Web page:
This is a buzzkill, to say the least. And under normal circumstances, it would be a major concern for the Suns, now having to assimilate a superstar into the delicate alchemy of an NBA offense under the fire of playoff competition. 

But Durant is unique in this way. We've often spoke of him as the definition of a plug-and-play star. He fits anywhere, with anyone, because he doesn't require a certain amount of shots from certain spots to be his best self. He's always his best self. And this is so without detracting from anyone else being their best self. 

He knows when to attack. When to let the game come to him. He knows how to play with Devin Booker because he's played with Kyrie Irving and Stephen Curry. Never passive, he knows when to hang back while someone else cooks. Never over-aggressive, he knows when to go one on one. 

In between those two modes, Durant flows in and out of a seamless, historically efficient jumper that somehow never, even after long layoffs, abandons him. Consider that in his first game with a new team, after an almost seven-week injury absence, Durant made 10 of 15 shots. In three games with the Suns, he's shooting 69 percent from the field, including 54 percent from 3. 

In 2019, after a month off nursing the calf injury that wound up precipitating his torn Achilles, a stint that forced him to miss the full second and third round of the playoffs, he walked right back into the fire of an NBA Finals potential elimination game and promptly drilled his first three 3-pointers. 

In 2020, after another seven-week absence, he came back to shoot 5 for 5 in his first game and 65 percent from the field, including 61 percent from 3, over his first three weeks back on the court. 

You wonder if Durant is going to be able to flip the switch for the start of the postseason after yet another potential four-week layoff? Don't worry about it. The man's switch never turns off in the first place.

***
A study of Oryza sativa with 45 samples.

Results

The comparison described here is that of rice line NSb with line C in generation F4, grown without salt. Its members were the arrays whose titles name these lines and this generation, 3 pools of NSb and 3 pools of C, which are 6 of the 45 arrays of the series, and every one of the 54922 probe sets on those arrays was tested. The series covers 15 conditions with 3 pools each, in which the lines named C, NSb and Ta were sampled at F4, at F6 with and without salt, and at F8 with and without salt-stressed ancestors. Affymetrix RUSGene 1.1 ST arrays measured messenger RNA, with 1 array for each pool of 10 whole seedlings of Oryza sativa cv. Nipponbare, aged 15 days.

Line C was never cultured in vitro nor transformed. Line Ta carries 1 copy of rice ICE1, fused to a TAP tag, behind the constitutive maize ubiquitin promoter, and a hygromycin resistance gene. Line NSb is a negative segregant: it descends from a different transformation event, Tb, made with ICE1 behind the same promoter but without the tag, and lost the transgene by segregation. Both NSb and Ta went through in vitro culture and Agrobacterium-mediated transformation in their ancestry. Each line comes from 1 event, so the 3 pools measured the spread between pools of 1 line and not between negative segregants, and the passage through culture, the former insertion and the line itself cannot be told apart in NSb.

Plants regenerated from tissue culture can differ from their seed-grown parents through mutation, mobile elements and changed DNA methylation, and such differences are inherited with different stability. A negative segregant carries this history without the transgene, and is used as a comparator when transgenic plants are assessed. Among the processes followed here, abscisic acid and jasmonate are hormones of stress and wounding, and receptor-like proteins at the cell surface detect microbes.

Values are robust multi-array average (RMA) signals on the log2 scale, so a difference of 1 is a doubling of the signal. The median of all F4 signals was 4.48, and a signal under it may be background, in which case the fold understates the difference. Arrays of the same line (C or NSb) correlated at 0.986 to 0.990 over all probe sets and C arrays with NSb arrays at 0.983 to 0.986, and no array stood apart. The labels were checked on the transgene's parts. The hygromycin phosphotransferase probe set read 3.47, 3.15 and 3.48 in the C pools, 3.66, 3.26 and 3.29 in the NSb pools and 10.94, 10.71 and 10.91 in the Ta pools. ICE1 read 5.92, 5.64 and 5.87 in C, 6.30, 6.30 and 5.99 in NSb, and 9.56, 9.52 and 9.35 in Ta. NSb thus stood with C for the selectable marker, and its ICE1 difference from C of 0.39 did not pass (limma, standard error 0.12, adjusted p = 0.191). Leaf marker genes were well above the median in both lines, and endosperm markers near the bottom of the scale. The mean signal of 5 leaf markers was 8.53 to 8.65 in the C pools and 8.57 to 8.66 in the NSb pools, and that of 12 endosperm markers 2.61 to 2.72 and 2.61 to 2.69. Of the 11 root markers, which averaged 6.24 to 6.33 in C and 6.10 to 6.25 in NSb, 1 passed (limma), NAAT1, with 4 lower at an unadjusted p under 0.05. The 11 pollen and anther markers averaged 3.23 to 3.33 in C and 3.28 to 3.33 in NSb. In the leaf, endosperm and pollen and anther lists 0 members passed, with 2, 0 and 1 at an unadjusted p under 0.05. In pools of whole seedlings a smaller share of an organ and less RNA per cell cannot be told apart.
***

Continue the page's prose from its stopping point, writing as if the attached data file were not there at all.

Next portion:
The Suns are counting on this. They're pointing to the 73 points that Durant and Booker combined to score in just their third game together, when they looked like they'd been playing off one another all their lives, and telling themselves they'll pick right back up from that spot, even under the pressure of the playoffs. 

Chances are, they're right. Durant is not only that great, but that versatile. Throw in the experience of a Chris Paul and the similarly adaptable talents of Booker, and the Suns are about as equipped to hit their peak on the fly, without rehearsal, as any newly formed team possibly could be. 

Which is good, because they're likely to be tested right out of the gate. If the playoffs were to start today, the Suns would be playing the defending-champion Warriors, who are getting healthy themselves, in the first round. If it's not the Warriors, it could be the Luka/Kyrie Mavericks or the Kawhi/PG Clippers. Even Minnesota would present a formidable challenge. 

However the matchups shake out, Phoenix won't have a runway to get up to speed. They'll need to take off immediately. Having Durant makes that prospect a lot less daunting.